Nazarbayev's re-election should help dispel concerns over the medium-term foreign policy course of the country
This article originally appeared at Business New Europe
Kazakh President Nursultan Nazarbayev, who has ruled the Central Asian nation with an iron fist for more than a quarter of a century, has agreed to his Nur Otan party's nomination to stand for another term. The 2007 amendment to the Kazakh constitution abolished term limits for Nazarbayev, as first president, technically allowing him to stay in power for life.
Nur Otan convened an unscheduled party conference in Astana on March 11 to nominate Nazarbayev as presidential candidate. This followed a request in February for the president to call a snap presidential poll to re-elect him in the face of a "new wave of the financial and economic crisis" and "serious geopolitical tension" in the region caused by Russia's annexation of Crimea and support for rebels in eastern Ukraine. Kazakhstan will go to polls on April 26.
"I've come here to speak to you and perhaps agree with your nomination of my candidacy with only one aim of proposing [to solve] new tasks, complicated tasks that we are facing," Nazarbayev, 74, told the party conference. "As to the question of how to be president and who should be president I've said that a person should go for election if you have a set of programmes and goals through which you want to improve the life of your people. If there is no such goal or objective, there is no need to go there."
Nazarbayev's consent to stand for re-election will end talk about his possible campaigning for his eldest daughter Dariga, 51, the deputy speaker of parliament's lower chamber, that his silence about the election had given rise to. Observers believe that the proposal to hold the election first floated by the Assembly of Kazakhstan's People, a forum for the country's minorities appointed by the president, could not have been possible without authorisation from Nazarbayev himself.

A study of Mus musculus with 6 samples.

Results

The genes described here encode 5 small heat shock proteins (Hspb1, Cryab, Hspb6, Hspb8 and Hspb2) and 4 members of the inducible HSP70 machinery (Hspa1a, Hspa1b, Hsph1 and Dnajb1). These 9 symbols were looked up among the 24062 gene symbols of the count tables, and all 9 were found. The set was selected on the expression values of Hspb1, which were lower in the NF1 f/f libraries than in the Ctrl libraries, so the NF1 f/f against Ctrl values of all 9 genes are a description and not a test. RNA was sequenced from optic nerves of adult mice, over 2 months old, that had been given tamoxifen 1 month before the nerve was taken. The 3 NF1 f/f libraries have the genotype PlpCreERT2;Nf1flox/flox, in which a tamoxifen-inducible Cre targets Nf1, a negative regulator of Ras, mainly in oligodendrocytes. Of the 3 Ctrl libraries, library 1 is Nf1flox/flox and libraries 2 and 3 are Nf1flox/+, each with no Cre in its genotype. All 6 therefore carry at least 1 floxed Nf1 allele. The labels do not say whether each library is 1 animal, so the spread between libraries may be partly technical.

The presidential poll was brought forward from 2016 because analysts believe the authorities are afraid that Nazarbayev's re-election would have been hampered by the deepening economic crisis in the country and potential social discontent over falling living standards. Kazakhstan is currently facing serious economic challenges caused by the low price of oil and rising pressure to devalue the currency, the tenge, from the weakening Russian ruble since Moscow annexed Crimea a year ago. Russia is Kazakhstan's main trading partner, accounting for a third of its imports.
Since the near 50% drop in the value of the ruble and the price of oil since 2014, the central bank has come under increasing pressure to devalue the tenge, but the government has put off the move. The National Bank of Kazakhstan devalued the tenge twice – by 25% and 19% – in 2009 and 2014, both times in February. The currency is now trading at slightly over KZT185 to the dollar, but in January Morgan Stanley predicted the rate will fall to KZT260 by the end of the first half of 2015.
The announcement of the snap poll has postponed a decision on devaluation until at least after the election and possibly until even after the inauguration, as it would be hard for Nazarbayev to sell his re-election as a guarantee of prosperity and stability to the population if people's savings had been wiped out.
The re-election will give the president a vote of confidence at a time when the ruling elite is afraid that the growing deterioration of society's mood could undermine support for the president. Nazarbayev, who was re-elected in 2011 with 95.5% of the vote on a 90% turnout, is expected to be re-elected with a similar share of the vote: anything lower than his performance in the previous election will be seen as a drop in popular support for the ageing president. Kazakhstan has never held any election judged free and fair by the Organisation for Cooperation and Security in Europe.
The other key reason for the early election is the complicated international situation caused by the Russia-West standoff. Nazarbayev's re-election should help dispel concerns over the medium-term foreign policy course of the country.
The silence that enveloped Nazarbayev's election plans since the announcement of the election on February 25 had given rise to rampant speculation in the commercial capital, Almaty, that Nazarbayev might campaign for Dariga. The suicide of her former husband, Rakhat Aliyev, one of the most hated figures in the Kazakh establishment, has reduced objections to keeping the presidency within the family. However, Dariga's lack of executive experience – she has never been appointed regional governor or held a government post – would have still made her a controversial choice.